Day 15 - What do I tell myself (and do) to calm myself down in the event of a triggering stimulus?
It depends on what was triggering me!
There are a few things I know are likely to precipitate a significant flare-up of symptoms.
For example, getting into a “go go go” mode of achievements (nonstop participation for 12 hours at a state fair, cleaning four rooms in one day, taking on a HUGE project and insisting on finishing it all at once) is hugely risky for me. It turns out (I just read about this today) that people with bipolar disorder are more sensitive to and focused on rewards than not-bipolar people; for me, “achieving something” and especially “achieving something big” is a HUGE hypomania trigger. The classic thing is “Demeter cleans the bathroom and vacuums all her carpets and takes out all the trash in the house and THEN DRIVES TO CANADA BECAUSE WHY NOT.” (This has totally happened, pretty much in exactly that way.) The solution here is to avoid triggers (never plan to clean the bathroom PLUS two other rooms on the same day,) or let my family/friends know that I’m at risk and to watch out for hypomanic symptoms (that means I need to be in their physical presence.) The thing about triggering hypomania is that once you’re on the train, you don’t stop for a good long time. So you have to do everything you can to avoid the trigger, or at least get in a safe place where people can watch out for you. I’ve spent whole days sitting in my mom’s house giggling at every little thing, suggesting stuff for my sisters and me to do, and getting gently redirected - that didn’t stop the hypomania, but it kept me from escalating my behavior or doing something stupid.
Another example is when I’m heading into a situation where I know I might have a panic attack or gross anxious reaction of some sort. There are a LOT of situations (thank you so very much, AvPD, OCD, and agoraphobia) that cause moderate to extreme anxiety for me, and I have lots and lots of coping mechanisms to avoid the triggers. Like, I don’t go to movies on Saturdays after about 1pm. I don’t go to Cracker Barrel on a Saturday morning. I don’t go to Wal-Mart on Saturdays at all. Lately I’ve been taking Ativan before doing something I know will be stressful/anxiety provoking, and that helps a lot. I haven’t had to run out of a store sweating and about to faint in probably… two months? Some of that is because I haven’t been going out a lot, but some of it is because I’ve been smart about not doing stuff that’s risky.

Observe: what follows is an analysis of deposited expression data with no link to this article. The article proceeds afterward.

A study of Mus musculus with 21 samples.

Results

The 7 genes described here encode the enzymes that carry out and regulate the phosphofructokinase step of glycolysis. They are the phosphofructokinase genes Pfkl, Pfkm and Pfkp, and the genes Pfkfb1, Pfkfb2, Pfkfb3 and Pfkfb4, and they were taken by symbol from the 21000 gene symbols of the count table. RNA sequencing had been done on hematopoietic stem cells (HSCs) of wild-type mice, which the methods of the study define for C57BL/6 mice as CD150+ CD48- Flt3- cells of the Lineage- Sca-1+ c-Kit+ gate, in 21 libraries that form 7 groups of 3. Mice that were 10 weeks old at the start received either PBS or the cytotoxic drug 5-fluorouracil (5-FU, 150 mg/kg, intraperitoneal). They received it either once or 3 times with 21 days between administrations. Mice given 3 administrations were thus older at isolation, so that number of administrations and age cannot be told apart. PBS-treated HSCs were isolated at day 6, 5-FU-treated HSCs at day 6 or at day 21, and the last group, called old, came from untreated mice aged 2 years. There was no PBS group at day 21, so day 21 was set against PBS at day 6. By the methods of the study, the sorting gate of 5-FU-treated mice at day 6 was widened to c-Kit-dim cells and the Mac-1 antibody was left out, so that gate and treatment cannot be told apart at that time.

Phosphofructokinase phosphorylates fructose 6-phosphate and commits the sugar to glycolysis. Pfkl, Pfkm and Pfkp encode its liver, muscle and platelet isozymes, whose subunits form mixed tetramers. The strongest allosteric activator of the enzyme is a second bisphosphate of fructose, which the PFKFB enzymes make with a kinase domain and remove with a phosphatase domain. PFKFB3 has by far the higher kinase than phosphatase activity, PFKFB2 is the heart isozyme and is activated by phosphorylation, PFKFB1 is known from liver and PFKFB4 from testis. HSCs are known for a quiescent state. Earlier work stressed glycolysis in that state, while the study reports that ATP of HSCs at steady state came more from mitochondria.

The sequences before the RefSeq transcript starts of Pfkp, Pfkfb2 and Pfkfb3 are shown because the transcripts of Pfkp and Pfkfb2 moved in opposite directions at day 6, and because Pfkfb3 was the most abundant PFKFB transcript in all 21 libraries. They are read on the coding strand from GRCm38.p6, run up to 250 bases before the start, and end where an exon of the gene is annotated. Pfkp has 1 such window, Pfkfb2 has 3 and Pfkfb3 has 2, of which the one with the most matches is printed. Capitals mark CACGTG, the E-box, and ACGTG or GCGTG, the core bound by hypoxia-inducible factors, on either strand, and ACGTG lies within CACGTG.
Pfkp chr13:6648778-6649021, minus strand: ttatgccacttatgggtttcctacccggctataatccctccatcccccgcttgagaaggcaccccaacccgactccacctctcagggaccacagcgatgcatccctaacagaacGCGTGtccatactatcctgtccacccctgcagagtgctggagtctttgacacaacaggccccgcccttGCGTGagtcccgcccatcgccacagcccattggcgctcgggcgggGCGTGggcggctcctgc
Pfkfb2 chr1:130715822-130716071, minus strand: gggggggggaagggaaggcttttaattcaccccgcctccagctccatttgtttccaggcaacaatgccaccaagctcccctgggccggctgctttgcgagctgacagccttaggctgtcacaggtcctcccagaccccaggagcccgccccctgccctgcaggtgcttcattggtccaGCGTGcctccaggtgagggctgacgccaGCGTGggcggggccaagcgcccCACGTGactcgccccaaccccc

And then of course sometimes I experience symptoms and it’s just - I have to deal with them, right? My first focus is on the core physical/emotional needs. Make sure the A/C or heater is on and that I’m in the shade. Drink some water. Eat some food, preferably carbs or carbs plus protein. If I’m in any pain, take some Advil; if my stomach is upset take some Pepto Bismol (I keep both on me at all times.) Make sure I’m breathing slow and deep. Close my eyes if there are lots of people or objects moving around; focus on trees and stuff if it’s a quiet place with nature nearby. Stretch my arms and stuff. I actually have a big list of things that help, printed out in my wellness book. When I’m stressed out while camping I know that I feel LOADS better (even if what’s stressing me out is some interpersonal conflict) if I brush my teeth, wash my face, pull up my hair, and change my socks. Not kidding. I’m not really clear on why changing my socks helps, but I’ve always been super sensitive to clothing sensations (I am still a tag cutter-offer) and that plus the OCD “clean is happy” thing are probably the big reasons.
And I rely on the wellness book for other ideas. It’s full of inspiration quotes and scriptures, the lyrics to songs I like, a list of the websites and search terms I find soothing or funny or whatever. Basically it’s an outsourcing of my emotional regulation system. Instead of trying to come up with ways of cheering myself up or getting a grip or whatever, I can turn to the book. Problem solved!
But all of that is short-term. Longer term, I write it all out in my journal or here on Tumblr (which all gets copied into my journal.) I might make a note of it for my next therapy or psychiatric appointment, or bring it up to talk to my sister with. Journaling and bringing things up in future appointments has been a BIG part of why I’ve been able to deal with stuff a little bit better lately than I had been. I truly believe that talking about my agoraphobia and fear of groups at the partial program and here on the Tumblr blog is a big part of why I was able to survive the support group I went to yesterday evening. And I KNOW that the thing they said at the hospital about it being OK to feel bad, and that trying for 5 minutes was good enough, and that as long as you choose to spend the day in pajamas (instead of laying on the guilt about accidentally staying there) you’re okay - all of that has made it less stressful, and less triggering, to have some of the symptoms I have.